Engineer Dee has its roots from being an editor-writer back in college. One thing led to another, and now we are here as a digital content creator. Please don’t call me an “influencer”. Please.
You can call me a late bloomer: I did not have any prior writing experience, or campus journalism practice for that matter, when I stepped into college. But for a while I kept a blog where I placed my thoughts, however random and mundane. Perhaps that’s how I started as a “content creator”.
Until one day in my second year as an engineering student, my classmate Mel who was involved in our college publication invited me to become one of them – campus journalists. It was an opportunity for me to make my writing better, so I accepted it; what I did not know was that it became my foundation of who I am today as Engineer Dee.
I started as a Feature Editor for The CPU Engineer, the recognized college publication of Central Philippine University, College of Engineering. We released magazines, newspapers, and tabloids as part of our unpaid jobs as campus journalists. For me, the most daunting task was not to write but to think of what to write about.
My greatest goal as the feature editor is to make our audience, the Centralian engineering students, be aware or be inspired about what I think matters. So it was fundamental for me to think, think, and think.
I read somewhere that the best way to have great ideas is to have plenty of ideas. I put this in practice and tried free writing: without filter, I just type out or write different words and topics that first come to mind. To me, this proved to be the most effective way to create content, something that I apply until today in my Facebook page and in my website.
With this technique, I was able to come up with topics. The next challenge was to actually write the article. Thanks to the guidance of our seniors and some online articles, I was able to catch up on the technicalities.
Eventually, I became the Editor-in-Chief of The CPU Engineer. It was a great pride and honor to steer the wheel of our publication, which releases later won awards in the College Press Conference by the Philippine Information Agency – Region VI, something that was not achieved in recent years. That was my legacy as EIC.
More than the awards are the feedback I got from the students for the job done with the magazines and newspapers me and my team had created. It was so fulfilling despite that my work as an editor had eaten up a significant portion of my study time. Still, I didn’t mind.
On my final year, following my successful stint in our college publication, I was one of the chosen few shortlisted to represent Engineering in making our yearbook called Centralite for Batch 2015. In this endeavor, I showed my creative side even more and was named as the Associate Editor. This was a university-wide position so I consider it a huge blessing.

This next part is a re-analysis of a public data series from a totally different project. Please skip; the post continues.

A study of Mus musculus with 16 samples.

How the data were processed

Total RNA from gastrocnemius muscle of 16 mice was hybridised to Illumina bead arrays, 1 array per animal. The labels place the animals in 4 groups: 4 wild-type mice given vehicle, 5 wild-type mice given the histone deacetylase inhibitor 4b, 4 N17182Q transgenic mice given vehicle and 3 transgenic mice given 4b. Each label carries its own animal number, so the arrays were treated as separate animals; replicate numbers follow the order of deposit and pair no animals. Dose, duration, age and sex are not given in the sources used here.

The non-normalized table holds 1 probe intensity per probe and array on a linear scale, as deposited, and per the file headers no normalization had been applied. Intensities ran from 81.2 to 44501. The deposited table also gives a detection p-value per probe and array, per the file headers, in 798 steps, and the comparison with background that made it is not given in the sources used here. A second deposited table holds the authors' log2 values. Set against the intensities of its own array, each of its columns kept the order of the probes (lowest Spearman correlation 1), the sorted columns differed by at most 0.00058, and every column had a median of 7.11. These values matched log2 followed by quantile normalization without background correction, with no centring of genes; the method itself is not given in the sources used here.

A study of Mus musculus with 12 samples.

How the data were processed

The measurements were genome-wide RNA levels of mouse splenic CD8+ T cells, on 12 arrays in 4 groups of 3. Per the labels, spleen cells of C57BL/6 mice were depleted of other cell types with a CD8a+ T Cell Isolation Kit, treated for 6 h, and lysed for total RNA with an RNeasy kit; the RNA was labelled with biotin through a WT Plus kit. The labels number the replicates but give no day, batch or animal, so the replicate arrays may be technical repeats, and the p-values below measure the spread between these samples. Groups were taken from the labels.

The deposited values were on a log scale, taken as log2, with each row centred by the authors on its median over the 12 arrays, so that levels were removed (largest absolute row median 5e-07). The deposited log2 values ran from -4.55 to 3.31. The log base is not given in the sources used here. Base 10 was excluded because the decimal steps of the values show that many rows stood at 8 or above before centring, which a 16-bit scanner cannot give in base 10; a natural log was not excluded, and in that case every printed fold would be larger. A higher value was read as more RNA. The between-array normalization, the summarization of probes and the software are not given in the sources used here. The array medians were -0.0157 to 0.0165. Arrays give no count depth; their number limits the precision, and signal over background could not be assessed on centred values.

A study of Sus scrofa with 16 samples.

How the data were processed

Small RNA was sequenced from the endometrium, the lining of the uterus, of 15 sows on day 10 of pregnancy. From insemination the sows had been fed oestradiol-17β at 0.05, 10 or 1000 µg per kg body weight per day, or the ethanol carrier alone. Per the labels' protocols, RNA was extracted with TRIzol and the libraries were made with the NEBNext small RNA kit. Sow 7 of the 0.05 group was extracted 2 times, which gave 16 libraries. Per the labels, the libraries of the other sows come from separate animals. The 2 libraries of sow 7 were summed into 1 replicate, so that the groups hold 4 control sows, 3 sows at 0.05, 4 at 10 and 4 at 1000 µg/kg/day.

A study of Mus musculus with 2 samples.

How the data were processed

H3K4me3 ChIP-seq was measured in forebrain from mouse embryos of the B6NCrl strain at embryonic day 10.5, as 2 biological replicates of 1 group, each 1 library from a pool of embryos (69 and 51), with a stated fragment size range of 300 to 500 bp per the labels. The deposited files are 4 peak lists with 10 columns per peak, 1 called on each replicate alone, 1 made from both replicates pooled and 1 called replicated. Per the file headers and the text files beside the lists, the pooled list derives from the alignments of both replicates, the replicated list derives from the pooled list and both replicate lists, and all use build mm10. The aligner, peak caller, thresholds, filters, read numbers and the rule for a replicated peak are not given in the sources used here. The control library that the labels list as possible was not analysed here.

What could easily be a hindrance to my engineering studies, I considered these extra-curricular activities as an editor as my training ground to polish my editing skills albeit indirectly related to my line of work as a future engineer.
Little did I know that such experiences had more value than previously thought.
Barely a year after I passed my licensure examination, I took a digital publishing job for GineersNow, which is my second job following becoming a site engineer for a mall construction in Iloilo City. With experience as a writer and editor in college, this job did not come with major adjustments but I still had plenty to learn in terms of digital content. I wrote a lot of science- and engineering-based articles on a daily basis for the website.
On Christmas Eve in 2016, about one year at my work, I created the Engineer Dee page.
I did this with no clear direction on what to do with the page, and left it untouched for a while. But when I thought of and generated content that was not appropriate for my work or was rejected by my bosses, I placed them on the Engineer Dee page. Slowly, it gained likes and shares. It helped me that I knew of a Facebook group that catered to reviewing civil engineering students so I shared my posts there until they got significant reach.
Today, my followers and reach are 99% organic. This is something I am so proud about.
As of writing, Engineer Dee has more than 170,000 organic followers. I also built my own website while under COVID-19 community quarantine with an average of 15,000 visitors per week. Moreover, I have my own shirt.ly profile for some engineering merchandise, and I have started my own advocacy projects. On doing vlogs, that is yet to be finalized.
Who would have thought? I am still in awe about how all of these have happened. As I had said, one thing led to another. Now, we are here. But it’s not fate – I created my own destiny. Although unconsciously.
By reaching this part of the article, I assume you are also eager to know my principles particularly in content creation. That is fairly simple. Here: Content creation starts from imagination. Sometimes, it is from imitation. In this digital age, the direction is based on trends. The key is to be consistent but at the same time, adaptive.
But one thing is for sure: content is still king. Never give up on it.
That is how Engineer Dee was built, anyway.